The US president see Washington “playing a more active and engaged role” to end the war through talks, National Security Advisor Jake Sullivan said at a White House briefing.
US national security adviser Jake Sullivan has said that President Joe Biden will announce an end to US support for a grinding five-year Saudi-led military offensive in Yemen that has deepened humanitarian suffering in the Arabian peninsula’s poorest country.
The move would fulfill a campaign pledge by Biden, whose administration plans to pursue diplomacy to end the overall conflict in Yemen. Biden sees the United States “playing a more active and engaged role” to end the war through talks, Sullivan said at a White House briefing.
Biden also is announcing the choice of Timothy Lenderking as special envoy to Yemen as soon as Thursday afternoon, when the president is due to speak at the State Department. A person familiar with the matter confirmed the selection, speaking on condition of anonymity ahead of the announcement.
The Gulf-based newspaper The National first reported the pick.
Lenderking has been a deputy assistant secretary of state in the agency’s Middle East section. A career foreign service member, he has served in Saudi Arabia, Kuwait and other countries in the Middle East and elsewhere.
Houthis hail Biden’s decision as step towards ending war
Yemen's Iran-backed Houthi rebels welcomed President Joe Biden's plans to end US support for offensive operations in Yemen, saying it was a step towards ending the long conflict.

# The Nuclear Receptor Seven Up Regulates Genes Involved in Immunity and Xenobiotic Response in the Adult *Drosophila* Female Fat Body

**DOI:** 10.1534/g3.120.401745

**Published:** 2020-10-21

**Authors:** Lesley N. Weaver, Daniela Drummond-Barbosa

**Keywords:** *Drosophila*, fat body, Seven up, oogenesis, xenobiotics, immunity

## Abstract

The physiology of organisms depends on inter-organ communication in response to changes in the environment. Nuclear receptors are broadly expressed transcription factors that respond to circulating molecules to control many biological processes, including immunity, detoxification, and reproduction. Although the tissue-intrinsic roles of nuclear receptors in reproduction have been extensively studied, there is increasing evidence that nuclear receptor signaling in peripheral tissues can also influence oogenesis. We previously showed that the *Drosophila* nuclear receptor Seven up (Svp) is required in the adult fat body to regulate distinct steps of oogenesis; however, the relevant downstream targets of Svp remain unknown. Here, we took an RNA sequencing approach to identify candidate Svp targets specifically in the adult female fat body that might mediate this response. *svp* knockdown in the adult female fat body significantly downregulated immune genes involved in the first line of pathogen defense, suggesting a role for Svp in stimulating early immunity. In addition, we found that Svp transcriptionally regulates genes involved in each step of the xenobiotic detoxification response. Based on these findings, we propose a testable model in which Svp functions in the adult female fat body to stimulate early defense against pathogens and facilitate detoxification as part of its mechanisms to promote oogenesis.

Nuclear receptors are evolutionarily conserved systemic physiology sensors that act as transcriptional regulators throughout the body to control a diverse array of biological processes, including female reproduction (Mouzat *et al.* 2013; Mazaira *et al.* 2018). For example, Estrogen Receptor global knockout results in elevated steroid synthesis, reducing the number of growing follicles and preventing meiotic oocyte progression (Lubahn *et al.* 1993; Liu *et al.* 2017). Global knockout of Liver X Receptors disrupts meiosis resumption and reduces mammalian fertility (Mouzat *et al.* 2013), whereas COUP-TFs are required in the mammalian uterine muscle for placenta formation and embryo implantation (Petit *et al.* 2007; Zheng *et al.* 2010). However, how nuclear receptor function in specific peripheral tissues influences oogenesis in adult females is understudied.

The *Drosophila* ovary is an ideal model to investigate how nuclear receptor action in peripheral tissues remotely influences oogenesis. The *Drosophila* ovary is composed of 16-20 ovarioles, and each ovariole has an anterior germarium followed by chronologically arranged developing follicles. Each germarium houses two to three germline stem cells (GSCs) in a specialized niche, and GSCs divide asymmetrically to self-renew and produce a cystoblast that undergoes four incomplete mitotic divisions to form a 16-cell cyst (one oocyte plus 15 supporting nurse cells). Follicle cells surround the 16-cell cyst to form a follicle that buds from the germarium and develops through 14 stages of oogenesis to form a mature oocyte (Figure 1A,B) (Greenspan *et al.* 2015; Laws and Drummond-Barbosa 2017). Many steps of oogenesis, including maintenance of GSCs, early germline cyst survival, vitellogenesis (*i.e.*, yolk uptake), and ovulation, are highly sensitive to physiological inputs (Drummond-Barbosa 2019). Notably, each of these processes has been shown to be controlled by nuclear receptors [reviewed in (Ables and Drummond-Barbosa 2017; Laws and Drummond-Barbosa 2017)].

"We hope this will be the beginning of a decision to stop the war on Yemen," senior Huthi political official Hamid Assem told AFP. "America's reputation has been tarnished by the killing of the people of Yemen."
Saudi Arabia began the offensive in 2015 to counter a Yemeni Houthi faction that had seized territory in Yemen and was launching cross-border missiles at Saudi Arabia.
READ MORE: The Yemen war’s forgotten victim: education
A Saudi-led air campaign since then has killed numerous Yemeni civilians, despite US assistance with the Saudi military’s command and control that US officials say was meant to minimize civilian casualties in the bombing campaign. The Obama administration initially greenlighted the Saudi-led offensive. Some of the US officials involved have since said they regret that decision, and are now in the Biden administration as it moves to stop US involvement and end the multiparty conflict.
Survivors display fragments showing the bombs to be American-made. The conflict also has deepened hunger and poverty in Yemen, and international rights experts say both the Gulf countries and Houthis have committed severe rights abuses.